Despite Apple's current struggles with the much-maligned Maps app, the company is still enjoying quite a bit of success.
Even though Maps' struggles have been highly publicized, there are still plenty of consumers interested in purchasing an iPhone 5.
A new study from ChangeWave not only revealed more consumers were interested in the iPhone 5 than they were the iPhone 4S, but also that an overwhelming percentage of Maps users had no issue with the app whatsoever.
ChangeWave's numbers found 19 percent of people polled were "Very Likely" to purchase an iPhone 5.
When it ran a similar survey during the iPhone 4S' launch in October 2011, ChangeWave found just 10 percent of those polled answered the same way,
In fact, the iPhone 5 results outclassed those of the iPhone 4S in every single category in ChangeWave's survey.
Additionally, ChangeWave polled current iOS 6 users in an effort to find out just how much of an issue Maps really was.
The majority of respondents, 90 percent, reported having no issue at all with Maps, while only 3 percent of those polled said Maps was a "Very Big Problem."
"In comparison to the iPhone 4 Antenna/Reception issue, the current Apple Maps issue is of marginal concern to iPhone 5/iOS 6 users," said ChangWave in its report.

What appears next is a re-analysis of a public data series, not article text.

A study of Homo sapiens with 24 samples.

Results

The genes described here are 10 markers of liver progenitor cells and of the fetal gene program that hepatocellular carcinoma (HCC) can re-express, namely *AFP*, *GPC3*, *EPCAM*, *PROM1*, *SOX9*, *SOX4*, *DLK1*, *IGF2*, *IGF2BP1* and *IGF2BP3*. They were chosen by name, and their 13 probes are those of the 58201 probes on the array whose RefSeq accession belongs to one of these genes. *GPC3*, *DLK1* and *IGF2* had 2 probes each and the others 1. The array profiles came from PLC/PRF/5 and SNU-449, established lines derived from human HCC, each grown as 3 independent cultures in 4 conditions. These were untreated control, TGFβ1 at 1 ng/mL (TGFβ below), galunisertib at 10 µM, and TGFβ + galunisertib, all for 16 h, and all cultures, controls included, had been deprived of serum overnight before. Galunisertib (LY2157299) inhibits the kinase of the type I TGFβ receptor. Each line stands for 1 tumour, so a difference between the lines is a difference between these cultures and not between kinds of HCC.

"Simply put, Apple Maps is not considered a problem by the overwhelming majority of users."
iPhone 5 leads in web traffic
Perhaps even better news for Apple is the latest Chitika web browser report, which gives the iPhone 5 the lead over its competitor, the Samsung Galaxy S3.
With Apple already holding onto 72 percent of all smartphone web traffic, it should come as no surprise to learn the iPhone 5 is again leading the charge against its chief rival.
Pitting only the web traffic generated by the iPhone 5 against that of the Galaxy S3, Chitika found a slight majority in Apple's favor.
The iPhone 5 is responsible for 56 percent of all web browsing between two smartphones, compared to the Galaxy S3's 44 percent.
Considering the iPhone 5 is only a few weeks old, and Samsung's smartphone has been out for months, that much of a gap already existing between the two is quite impressive.
Teamed with the record-breaking sales of the iPhone 5, Chitika said "new 4G browsing speeds which encourage data usage, are the most likely explanation for this tremendous growth."
If those ChangeWave poll-takers soon pick up an iPhone 5, that gap could grow even more before the end of the year.